2006's "Casino Royale
" injected the James Bond franchise with a much-needed facelift. In addition to a change in lead actor, the film proposed to set things in modern times, but start anew with the special agent's formative years working for the British Secret Intelligence Service. Done away with were the gadgets and jokey side to the series, replaced by a newfound grittiness and attention to character. The film could still be classified as popcorn entertainment, but, for the first time in decades, Bond was also taken seriously as a multidimensional protagonist. That he fell in love, rather than just bed, with Vesper Lynd (Eva Green) upped the ante when she ultimately perished in the third act.
Since "Quantum of Solace" picks up almost immediately where "Casino Royale
" left off, there was the natural expectation that this latest adventure007's 22nd, to be exactwould be treated with the care, drama and excitement of its predecessor. It's not to be, and the bulk of the blame should go to director Marc Forster (2007's "The Kite Runner
"), a usually terrific filmmaker who proves that he knows nothing about shooting action sequences. The extended foot chase at the start of "Casino Royale
" held more veritable thrills and genuine suspense than all of "Quantum of Solace" combined, and the fact that Forster has chosen to shoot and edit these set-pieces with the level hand and coherence of a stroke victim doesn't help. Returning screenwriters Paul Haggis, Neal Purvis and Robert Wade are also working mostly on autopilot, cutting dialogue to a bare minimum and turning the well-meaning James Bond into a steely personality who has less of a sense of humor than even Jason Bourne andgasp!
actually orders a bottle of beer rather than a martini when he goes out drinking.
Out to make everyone pay who was responsible for the death of Vesper, the first woman he's ever truly cared about, James Bond (Daniel Craig) first tracks down Mr. White (Jesper Christensen) in Italy and tries to get him to talk about who he is in cahoots with. With White soon out of the picture, Bond sets his sights on Dominic Greene (Mathieu Amalric), a crooked environmentalist working with top-secret organization Quantum. His investigation into Greene's dirty dealings leads him to discover an insidious plot involving Bolivia's water supply. Helping Bond this time around is the slinky, headstrong Camille (Olga Kurylenko), herself seeking vengeance for the murder of her family. Meanwhile, M (Judi Dench) fears she may be losing her trust in Bond when false word starts trickling into headquarters that he is out of control.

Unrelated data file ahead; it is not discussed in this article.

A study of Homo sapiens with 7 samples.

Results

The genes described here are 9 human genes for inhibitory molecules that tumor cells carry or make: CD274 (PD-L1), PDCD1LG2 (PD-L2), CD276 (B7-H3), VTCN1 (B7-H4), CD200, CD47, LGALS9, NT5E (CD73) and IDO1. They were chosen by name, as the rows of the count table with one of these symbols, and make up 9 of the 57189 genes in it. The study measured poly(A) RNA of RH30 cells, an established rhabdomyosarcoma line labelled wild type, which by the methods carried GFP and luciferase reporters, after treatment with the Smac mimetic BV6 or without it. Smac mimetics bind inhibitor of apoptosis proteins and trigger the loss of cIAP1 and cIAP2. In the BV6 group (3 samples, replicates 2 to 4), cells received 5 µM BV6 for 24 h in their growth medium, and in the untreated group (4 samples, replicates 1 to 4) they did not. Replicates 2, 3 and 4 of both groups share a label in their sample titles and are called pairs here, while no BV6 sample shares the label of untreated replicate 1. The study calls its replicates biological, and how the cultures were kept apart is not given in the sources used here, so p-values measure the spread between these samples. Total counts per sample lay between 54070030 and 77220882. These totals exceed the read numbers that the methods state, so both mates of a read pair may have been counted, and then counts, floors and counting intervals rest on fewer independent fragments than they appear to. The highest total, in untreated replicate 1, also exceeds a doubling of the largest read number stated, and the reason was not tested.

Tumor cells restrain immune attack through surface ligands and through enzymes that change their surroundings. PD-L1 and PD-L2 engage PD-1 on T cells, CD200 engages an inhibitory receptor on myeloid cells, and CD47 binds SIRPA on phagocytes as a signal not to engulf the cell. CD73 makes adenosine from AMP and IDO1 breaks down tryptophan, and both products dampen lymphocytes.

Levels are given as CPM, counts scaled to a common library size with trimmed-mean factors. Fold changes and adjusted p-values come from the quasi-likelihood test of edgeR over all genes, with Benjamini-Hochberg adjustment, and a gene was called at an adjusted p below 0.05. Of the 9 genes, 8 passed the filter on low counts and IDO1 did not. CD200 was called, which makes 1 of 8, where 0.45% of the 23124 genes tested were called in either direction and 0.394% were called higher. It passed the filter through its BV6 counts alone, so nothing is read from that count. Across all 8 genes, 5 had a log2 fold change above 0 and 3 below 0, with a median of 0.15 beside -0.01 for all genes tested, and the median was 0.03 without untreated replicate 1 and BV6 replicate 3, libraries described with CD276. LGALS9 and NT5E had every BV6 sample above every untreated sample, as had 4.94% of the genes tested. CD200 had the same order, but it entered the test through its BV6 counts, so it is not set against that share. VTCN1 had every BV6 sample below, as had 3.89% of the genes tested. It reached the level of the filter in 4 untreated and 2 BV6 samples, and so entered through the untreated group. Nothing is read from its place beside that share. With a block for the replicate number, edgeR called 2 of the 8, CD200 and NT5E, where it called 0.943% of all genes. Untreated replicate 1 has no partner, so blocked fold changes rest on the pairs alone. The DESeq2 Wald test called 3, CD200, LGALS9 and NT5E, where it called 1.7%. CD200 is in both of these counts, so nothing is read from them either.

"Quantum of Solace" opens with a high-stakes, guns-blazing car chase on the rocky cliffs of Siena, Italy, and something seems amiss immediately. Individual shots are, on average, a quarter of a second long, the camera is frenetic, and it all adds up to a lot of incompetent fast motions. The action scenes in "Casino Royale
" were beautifully shot, seamlessly edited, and built palpable momentum. The ones in "Quantum of Solace," no doubt due to a switch in director from Martin Campbell to Marc Forster, are either too bland or too chaotically conceived to set themselves apart from any other standard-issue actioner. The one exceptiona daring escape from an out-of-control plane and into one of the earth's cratersis a natural highlight that nonetheless does not make up for the picture's lack of substance.
Daniel Craig (2007's "The Golden Compass
") may be a shadow of the well-known 007 persona, but it isn't the actor's fault. Bond is angry and decidedly bloodthirsty, interested more in payback than sexual exploits or swilling alcohol. Yes, he has a reason to be peeved, but his stony actions at all times takes the fun out of the character. Craig brings intensity and magnetism to the role, but with probably two dozen lines of dialogue throughout and a whole lot of running and jumping, there's little chance for him to grow as a person.
As Camille, Olga Kurylenko (2008's "Max Payne
") is stunning and fetching in equal measure, but that her physical interaction with Bond doesn't go beyond a peck on the lips seems a bit like a cheat in the annals of the series. The special agent's bedplay is relegated to ten seconds of screentime in the sack with Strawberry Fields (Gemma Arterton), sent to bring James back to London but unable to resist him. Gemma Arterton is a cheery presencejust about the only thing cheery in sightbut she enters and exits the story too quickly. As Dominic Greene, Mathieu Amalric (2005's "Munich
") has his sniveling, wide-eyed expression down pat, but otherwise is completely forgettable as the central villain of the piece.
Go, go, go, go, "Quantum of Solace" does, hardly stopping long enough for a proper conversation, and problematic because of it. The plot's development is obvious and then ridiculousGreene's maniacal master plan is to create a drought in Bolivia by building dams? Really?and the numerous fights and chases all begin to look alike after a while. Sadly, the film offers virtually nothing to separate it from the Pierce Brosnan era of Bond, save for a total disregard for what it means to give viewers a fun ride. "Quantum of Solace" is too morose in tone for that, while lacking the substance to actually care about Bond's quest. Hopefully he'll get a chance to occasionally smile in the next film because, as the end credits proclaim, "James Bond will return."